A shopper paying at the supermarket check-out with a debit card pictured on July 04, 2013 in Bonn, Germany.
Ute Grabowsky Photothek via Getty Images
By Steven Semeraro
July 16, 2018

Earlier this year, Aaron Klein, a Brookings Institution fellow, argued that a variety of American banking practices exacerbate income inequality by effectively charging low-income people more than those with higher incomes. To the extent that he focuses on the time to clear checks and balance requirements for free checking accounts, income inequality likely plays some role in the allocation of the cost of banking services.

But Klein’s piece points the finger at reward credit cards. “Did you realize,” he asks rhetorically, “that working and middle class Americans subsidize the wealthy when they pay in cash or use debit cards?” To support his claim, he contends that economics dictates this result “[a]s long as merchants do not vary the price based on [a consumer’s chosen means of] payment.”

With respect to reward cards, Klein’s analysis doesn’t hold up. Economics will only dictate a reverse-Robin-Hood subsidy from low-income to high-income consumers if one assumes that merchant sales are effectively fixed, regardless of the types of payment mechanisms that a merchant accepts. That is, the merchant will make precisely the same number of sales in the same amounts regardless of whether it accepts reward credit cards.

To flush out Klein’s analysis, if sales are fixed and the merchant pays more to accept reward cards, then the merchant must increase its prices to cover the added fees. And if the merchant charges uniform prices, then all consumers pay a portion of the cost of accepting reward cards, while only those who use those cards get some money back. Since low-income consumers are more likely to use cash or debit cards, they effectively subsidize the high-income consumers who are more likely to pay with reward cards.

The problem with Klein’s analysis is that no rational merchant would accept reward cards if doing so would have no positive effect on the merchant’s sales. A merchant that took on additional costs without receiving a benefit that at least covers those new costs would not remain in business very long. Since most merchants are rational, they likely receive benefits from accepting reward cards that more than cover the merchant’s cost of accepting them.

The benefit leading merchants to accept reward cards must be increased sales. Like all credit cards, reward cards enable some consumers to make purchases when they don’t have cash readily available. Consumers who use a revolving balance are the obvious example. But many more simply won’t have the cash in their pocket when they consider making a purchase, even though they pay their bill in full without revolving credit.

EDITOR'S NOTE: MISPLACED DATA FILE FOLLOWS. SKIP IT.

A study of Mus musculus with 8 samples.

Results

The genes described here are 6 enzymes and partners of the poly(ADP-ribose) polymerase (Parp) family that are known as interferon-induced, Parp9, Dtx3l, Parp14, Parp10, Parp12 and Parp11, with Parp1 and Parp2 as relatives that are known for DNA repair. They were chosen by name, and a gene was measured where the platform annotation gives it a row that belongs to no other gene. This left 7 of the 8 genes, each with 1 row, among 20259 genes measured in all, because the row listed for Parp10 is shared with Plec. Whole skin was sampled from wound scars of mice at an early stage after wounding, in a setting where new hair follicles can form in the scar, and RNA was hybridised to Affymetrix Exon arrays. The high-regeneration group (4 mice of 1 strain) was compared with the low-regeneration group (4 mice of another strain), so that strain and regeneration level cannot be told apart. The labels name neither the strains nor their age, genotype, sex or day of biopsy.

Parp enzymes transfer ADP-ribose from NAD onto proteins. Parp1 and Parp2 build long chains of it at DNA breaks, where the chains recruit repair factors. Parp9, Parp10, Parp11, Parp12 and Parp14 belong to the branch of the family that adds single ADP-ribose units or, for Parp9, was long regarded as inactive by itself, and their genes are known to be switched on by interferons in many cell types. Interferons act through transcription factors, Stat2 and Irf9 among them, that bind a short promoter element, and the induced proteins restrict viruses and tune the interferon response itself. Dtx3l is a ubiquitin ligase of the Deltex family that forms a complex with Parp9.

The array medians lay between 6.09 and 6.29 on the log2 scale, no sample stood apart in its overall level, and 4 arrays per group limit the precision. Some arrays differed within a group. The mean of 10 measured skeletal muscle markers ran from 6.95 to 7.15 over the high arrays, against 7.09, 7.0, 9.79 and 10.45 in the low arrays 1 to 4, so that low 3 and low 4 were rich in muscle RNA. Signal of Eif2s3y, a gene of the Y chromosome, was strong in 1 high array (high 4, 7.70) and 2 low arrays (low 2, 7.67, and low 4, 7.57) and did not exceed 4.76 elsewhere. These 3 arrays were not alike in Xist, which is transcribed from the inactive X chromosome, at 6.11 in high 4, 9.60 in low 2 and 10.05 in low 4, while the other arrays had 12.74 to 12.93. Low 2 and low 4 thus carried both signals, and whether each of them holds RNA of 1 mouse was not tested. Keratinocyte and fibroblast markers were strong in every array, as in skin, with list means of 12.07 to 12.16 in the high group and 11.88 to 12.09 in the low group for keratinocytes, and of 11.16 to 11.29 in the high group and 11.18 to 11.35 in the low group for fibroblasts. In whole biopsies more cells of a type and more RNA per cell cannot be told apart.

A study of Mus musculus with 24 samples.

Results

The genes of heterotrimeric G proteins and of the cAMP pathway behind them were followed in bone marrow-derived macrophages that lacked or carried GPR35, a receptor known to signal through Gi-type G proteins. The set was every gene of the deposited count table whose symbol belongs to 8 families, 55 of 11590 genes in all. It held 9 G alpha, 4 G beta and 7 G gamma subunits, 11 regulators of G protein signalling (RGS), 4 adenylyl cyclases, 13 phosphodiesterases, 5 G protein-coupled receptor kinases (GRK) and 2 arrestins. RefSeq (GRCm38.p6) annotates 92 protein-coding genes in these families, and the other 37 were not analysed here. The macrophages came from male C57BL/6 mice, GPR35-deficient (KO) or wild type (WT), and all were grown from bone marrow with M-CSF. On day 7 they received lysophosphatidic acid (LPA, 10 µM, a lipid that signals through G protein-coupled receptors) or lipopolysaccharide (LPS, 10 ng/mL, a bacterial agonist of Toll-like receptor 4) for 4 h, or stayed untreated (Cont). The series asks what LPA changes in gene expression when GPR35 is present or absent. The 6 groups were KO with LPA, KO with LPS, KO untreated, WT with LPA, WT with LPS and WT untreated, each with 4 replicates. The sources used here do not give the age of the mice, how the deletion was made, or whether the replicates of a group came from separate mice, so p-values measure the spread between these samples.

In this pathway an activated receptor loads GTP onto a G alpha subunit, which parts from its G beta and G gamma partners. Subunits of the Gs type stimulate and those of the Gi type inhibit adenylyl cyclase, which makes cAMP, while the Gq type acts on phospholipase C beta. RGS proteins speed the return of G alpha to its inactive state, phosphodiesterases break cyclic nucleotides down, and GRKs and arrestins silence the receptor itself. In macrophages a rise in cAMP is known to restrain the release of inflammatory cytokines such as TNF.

And the bonuses that reward cards pay to cardholders adds an additional stimulus. First, the bonus constitutes an effective discount that has the standard demand-increasing effect that any price discount would have, so a consumer would likely buy more of the same product or other products and services if he or she is getting a discount. Second, rewards may stimulate sales beyond what traditional economics would predict because of the psychological allure of getting something for nothing. Because of this effect, paying a bonus may actually stimulate more spending than a similar point-of-sale discount would.

To the extent that reward cards increase a merchant’s revenue through increased sales, the merchant can spread its fixed costs more widely and thus increase its profits. In a competitive market, merchants would have an incentive to reduce prices, trying to capture still more sales.

 

To the extent that the additional sales generated by reward cards lead merchants to lower their prices, those using reward cards, in a sense, subsidize those who use other means of payment.

One cannot definitively predict the direction of the price change resulting from reward card acceptance. The cost of acceptance, as Klein assumes, would put upward pressure on prices. But the stimulating effect of reward cards on sales also puts downward pressure on prices. The precise effect in a particular industry is difficult to predict and will turn on a variety of factors that are not easy to measure. But merchants in competitive industries such as supermarkets and home improvement stores would be the most likely to have lower prices as a result of reward card acceptance because they would be forced by the market to compete away much of the benefit that they receive from accepting those cards.

Steven Semeraro is professor of law at Thomas Jefferson School of Law. During the late 1990s, the author was the lead attorney on an investigation of Visa and MasterCard when he served as a trial attorney with the United States Department of Justice, Antitrust Division.